Barton will attempt to nurture a county over club ethos in Derry
DAMIAN BARTON’S revolution has already begun. In assuming the Derry reins on Monday night, the Newbridge clubman believes his “biggest challenge” will be trying to convince people of the virtues of putting the county first and club second for the Oak Leafs to be a force again.
Derry have been in general decline since the late 1990s, with their last Ulster title coming in 1998. They reached two All-Ireland semi-finals in 2001 and '04 via the back door, but have struggled to make an impact against the elite teams in the country.
“There are counties who put the county team first and the club second,” Barton said.
“In this county, that’s going to be a challenge because there is a great deal of parochialism, in a positive sense, but that can be construed as negative as well. We have some very talented players in this county and we have to get them all together. I think we need to give them the time to grow as a team. I think that is going to be my biggest challenge.
“Clubs in Tyrone accept that they won’t have their county players and clubs have actually bought into the ethos of Tyrone being successful at county level.
“I also think it’s very difficult for players to cross over in their training [between club and county]… One of the things I hope to do is speak to clubs about players - because they are club players first and foremost - if we can leave them with their clubs in better condition I think it’s a positive thing for the club. But I do think it’s going to take huge support from the clubs, otherwise we mightn’t be as successful as we’d want to be.”
In Brian's McIver's last year in charge, Derry were relegated to Division Two, lost an Ulster semi-final to Donegal and exited the All-Ireland series to Galway in round three.
Asked if he believed it was a good time to take over his native county, Barton said: “If you look at Division Two, it's not a good time to be taking the team! It's an Ulster Championship within itself whereas if you look at Division One, I'm thinking: 'I wouldn't mind meeting some of those teams compared to what we're going to meet in Division Two'.
“I'll be doing my best to get to Division One, but we know what happened the last manager who got to Division One. So, everything is relative."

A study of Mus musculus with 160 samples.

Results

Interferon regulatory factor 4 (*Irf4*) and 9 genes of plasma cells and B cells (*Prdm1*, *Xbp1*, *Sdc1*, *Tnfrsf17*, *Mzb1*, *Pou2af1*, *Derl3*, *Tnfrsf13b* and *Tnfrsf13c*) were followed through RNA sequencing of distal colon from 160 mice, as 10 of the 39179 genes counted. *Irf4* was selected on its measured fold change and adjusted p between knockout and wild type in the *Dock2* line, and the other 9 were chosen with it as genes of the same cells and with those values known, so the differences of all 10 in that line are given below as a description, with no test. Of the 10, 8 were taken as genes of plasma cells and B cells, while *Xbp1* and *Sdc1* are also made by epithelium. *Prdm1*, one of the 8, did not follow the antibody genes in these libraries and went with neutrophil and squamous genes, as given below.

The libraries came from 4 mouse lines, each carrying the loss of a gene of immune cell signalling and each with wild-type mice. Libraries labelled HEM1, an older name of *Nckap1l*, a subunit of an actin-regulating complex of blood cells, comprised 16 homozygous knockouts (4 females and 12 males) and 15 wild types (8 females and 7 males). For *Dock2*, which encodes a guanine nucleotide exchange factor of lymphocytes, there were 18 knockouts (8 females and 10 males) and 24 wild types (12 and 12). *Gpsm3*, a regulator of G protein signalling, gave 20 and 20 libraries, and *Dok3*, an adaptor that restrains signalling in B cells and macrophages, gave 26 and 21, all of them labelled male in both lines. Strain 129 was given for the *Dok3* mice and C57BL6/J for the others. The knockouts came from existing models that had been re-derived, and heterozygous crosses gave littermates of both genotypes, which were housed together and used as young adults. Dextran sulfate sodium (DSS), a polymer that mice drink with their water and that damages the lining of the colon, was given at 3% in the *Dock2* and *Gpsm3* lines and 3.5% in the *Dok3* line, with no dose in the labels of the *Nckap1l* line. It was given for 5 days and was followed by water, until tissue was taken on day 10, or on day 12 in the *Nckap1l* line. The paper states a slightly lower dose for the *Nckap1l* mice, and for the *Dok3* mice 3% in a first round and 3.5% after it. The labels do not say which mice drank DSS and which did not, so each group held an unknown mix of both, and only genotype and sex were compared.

Talent-wise, Barton has no such worries: “If you look back at the U21s, I thought we had a great U21 side this year. I don’t know why they didn’t perform against Tyrone [Ulster semi-finals]," he said.
"But we have talented U21s, talented players at underage level and the Glen are going for their fifth Ulster minor. So we have players coming through. I’m just a small cog who, for a couple of years, will maybe bring a bit of success to the county and maybe develop players.”
He added: “I know Derry has talent, otherwise I wouldn’t have got involved. I think there are some things that probably need tweaked. I’ve learned over the last couple of weeks what the previous incumbent Brian [McIver] had gone through in terms of the challenges.
“I appreciate it is a big challenge, a difficult role and is probably going to get a wee bit tougher and I know the challenge for me is getting people who want to play for this county. This county has had talent, but some have maybe committed more in the past to their clubs.”
The 1993 All-Ireland winner has managed many club sides over the years, including Burren, Ballinderry, Slaughtneil and, more recently, Kilrea.
He joked: “I’ve a great knack of leaving teams and them winning the Championship the following year. Frank Dawson used to say: ‘You know Damian, you have the best team in Down [Burren]’, even though he was managing another team in Down.
“So obviously when I left Burren he duly went and won a Championship with them. You could say I left Ballinderry and Brian [McIver] went on to win an All-Ireland there. So whoever’s coming in after me has a great chance. That seems to be the trend! But I’ve really enjoyed all my experiences at club level. This is a new challenge. It might be my last challenge.”
The 53-year-old also hopes to play an attacking brand of football too and would consult widely while in the post: “Players don’t train just to sit behind the ball and, certainly, my objective is to get players to stick the ball in the net or over the bar because that’s where you get the enjoyment of playing football – winning with some style.
“My objective is to get players enjoying the type of football that they can express themselves in and that's not being critical of what happened this year or last year or the year before that.”
Brian McGuckin and Mickey Conlon have been asked to become part of Barton’s backroom team, while Tony Scullion will be involved in an advisory capacity, “as will many of my colleagues from '93. I wouldn’t have any qualms of lifting the phone to Anthony Tohill and asking his opnion in an advisory capacity similar to Tony.”
Meanwhile, the prospect of Eoin ‘Skinner’ Bradley continuing with Derry next season is debatable, while his elder brother Paddy declined to comment on a possible return to the ranks after several years in the wilderness.
Skinner plays for Danske Bank Premiership soccer outfit Glenavon, but managed to play for Derry during the season. But Barton appeared to cast some doubt over Skinner juggling the two codes next season.
“Everybody has to play for their place,” said the new manager.
“There will be different challenges for different people. If people are not able to give me the commitment that I require, I can't see them being part of my team.”